All of the big viruses of recent times (think "Melissa" and the "Love Bug") have used e-mail protocols to propagate themselves--often taking advantage of the address-book features of e-mail clients to identify their victims. The E-mail Virus Protection Handbook explores how you, as an administrator of an e-mail server (and perhaps some of the network resources that surround it), can protect your users from productivity loss that results from e-mail virus infection. This book is best suited to administrators of smallish networks who have responsibility for (and direct control over) firewalls and network-wide antivirus strategies, as well as e-mail readers on the client side.
The authors of this volume (and there are several) begin by explaining how and why e-mail viruses work--they point the finger mainly at software that's designed for slick presentation of mail instead of for security, as well as at uninformed end users. Then, they begin to explain what various countermeasures, including antivirus software and firewalls, can do, and offer specific configuration advice. They also explore means of configuring popular e-mail servers and clients for maximum resistance to viruses. Overall, this book is carefully researched and should provide system administrators with the information--both practical and background--that they need to protect their systems from some of the more insidious threats around. --David Wall
Topics covered: Malicious code that's spread through e-mail clients, servers, and protocols, and how to defend against it. Specifically, the book deals with antivirus software--both network-wide and for single clients--and configuration policies for Outlook 2000, Outlook Express 5.0, and Eudora 4.3 on the client side. Server coverage includes Windows 2000 Advanced Server, Red Hat Linux 6.0, Exchange Server 5.5, and Sendmail. Personal firewalls, like BlackICE Defender 2.1, get attention, too.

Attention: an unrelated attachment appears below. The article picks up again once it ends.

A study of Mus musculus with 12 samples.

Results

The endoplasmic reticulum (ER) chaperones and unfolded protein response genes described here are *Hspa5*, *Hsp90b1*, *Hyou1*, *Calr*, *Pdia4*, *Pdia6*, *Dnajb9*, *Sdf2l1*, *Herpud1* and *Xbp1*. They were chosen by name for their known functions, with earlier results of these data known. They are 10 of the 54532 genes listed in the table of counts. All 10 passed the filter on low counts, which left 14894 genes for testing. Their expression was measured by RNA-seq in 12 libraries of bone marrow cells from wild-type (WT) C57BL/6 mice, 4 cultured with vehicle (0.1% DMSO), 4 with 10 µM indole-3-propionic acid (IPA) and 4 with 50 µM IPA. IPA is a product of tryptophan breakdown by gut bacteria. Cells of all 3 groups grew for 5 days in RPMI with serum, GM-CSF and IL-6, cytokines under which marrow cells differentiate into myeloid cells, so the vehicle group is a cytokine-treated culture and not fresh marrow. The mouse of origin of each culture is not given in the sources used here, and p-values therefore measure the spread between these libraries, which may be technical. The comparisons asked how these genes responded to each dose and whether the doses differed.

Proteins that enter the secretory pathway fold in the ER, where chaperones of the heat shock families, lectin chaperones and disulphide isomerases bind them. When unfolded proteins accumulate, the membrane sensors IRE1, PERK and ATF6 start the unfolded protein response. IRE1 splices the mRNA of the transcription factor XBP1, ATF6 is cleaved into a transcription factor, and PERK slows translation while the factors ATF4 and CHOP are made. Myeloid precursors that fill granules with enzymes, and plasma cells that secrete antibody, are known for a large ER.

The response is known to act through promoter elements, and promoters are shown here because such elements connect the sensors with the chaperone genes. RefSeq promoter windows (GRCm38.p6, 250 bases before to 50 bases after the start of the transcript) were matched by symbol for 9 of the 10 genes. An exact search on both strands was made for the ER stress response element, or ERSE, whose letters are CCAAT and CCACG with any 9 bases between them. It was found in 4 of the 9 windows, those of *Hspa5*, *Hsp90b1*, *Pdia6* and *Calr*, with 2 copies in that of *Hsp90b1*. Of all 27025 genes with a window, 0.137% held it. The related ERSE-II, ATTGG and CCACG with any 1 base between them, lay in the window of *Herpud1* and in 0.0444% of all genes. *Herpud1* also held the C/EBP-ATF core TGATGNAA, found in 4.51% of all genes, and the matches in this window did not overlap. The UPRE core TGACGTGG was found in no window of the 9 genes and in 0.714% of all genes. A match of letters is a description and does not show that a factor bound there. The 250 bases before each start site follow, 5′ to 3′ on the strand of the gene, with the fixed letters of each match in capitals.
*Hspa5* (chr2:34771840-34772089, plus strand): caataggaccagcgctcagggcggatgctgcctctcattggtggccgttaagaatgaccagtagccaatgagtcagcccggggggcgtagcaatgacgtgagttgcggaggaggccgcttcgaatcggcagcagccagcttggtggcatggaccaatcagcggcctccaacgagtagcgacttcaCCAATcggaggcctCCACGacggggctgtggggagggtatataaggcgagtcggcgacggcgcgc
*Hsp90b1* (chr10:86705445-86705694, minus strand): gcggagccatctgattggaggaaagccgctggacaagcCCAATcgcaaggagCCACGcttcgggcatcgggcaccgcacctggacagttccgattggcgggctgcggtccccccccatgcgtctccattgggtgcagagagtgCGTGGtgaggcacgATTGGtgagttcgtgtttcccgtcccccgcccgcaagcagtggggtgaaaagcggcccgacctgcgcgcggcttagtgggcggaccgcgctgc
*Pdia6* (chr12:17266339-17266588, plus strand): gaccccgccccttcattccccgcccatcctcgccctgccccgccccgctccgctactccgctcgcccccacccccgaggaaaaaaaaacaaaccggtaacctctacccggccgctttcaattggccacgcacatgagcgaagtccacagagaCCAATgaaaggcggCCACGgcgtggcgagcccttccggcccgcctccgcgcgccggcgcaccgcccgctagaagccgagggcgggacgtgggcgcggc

The "E-Mail Virus Protection Book" presents a strong challenge to e-mail attacks, which can introduce lethal viruses, compromise or destroy information, damage businesses, and create tremendous expenses in both time and money. Organized around specific e-mail clients, server environments and antivirus software, the book is aimed at both users and network professionals.
E-mail has been called the killer application of the Internet with so many web-based commerce applications, business-to-business transactions, and Application Service Providers dependent on the e-mail client/server relationship. Now, because of that reliance, it is possible for e-mail software to become killer applications in an entirely different sense—if they’re down, they can kill your business. E-mail Virus Protections Handbook will help systems administrators and the end-users secure their e-mail. It shows how to encrypt e-mail messages, use antivirus and personal firewall software, and secure the operating system from attack. Know what’s lurking in your e-mail!
A guide for systems administrators and end-users to protecting their systems from e-mail viruses. Shows how to secure an operating system from attack by knowing what is lurking in the e-mail through a better understanding of the e-mail server systems, clients, and servers involved. Softcover.
About the Author
James Stanger(Ph.D.,MCSE,MCT CIW Security Professional) is a writer and systems analyst currently living in Washington State, where he works for ProsoftTraining.com's research and development department. He also consults for companies such as Axent, IBM, DigitalThink, and Evinci concerning attack detection and analysis. In addition to Windows 2000 and Linux security issues, his area of expertise include e-mail and DNS server security, firewall and proxy server deployment, and securing Web servers in enterprise enviroments. He is currently an acting member of the Linux Professional Institute (LPI), Linux+, and Server+ advisory boards, and leads development concerning the Certified Internet Webmaster security certification.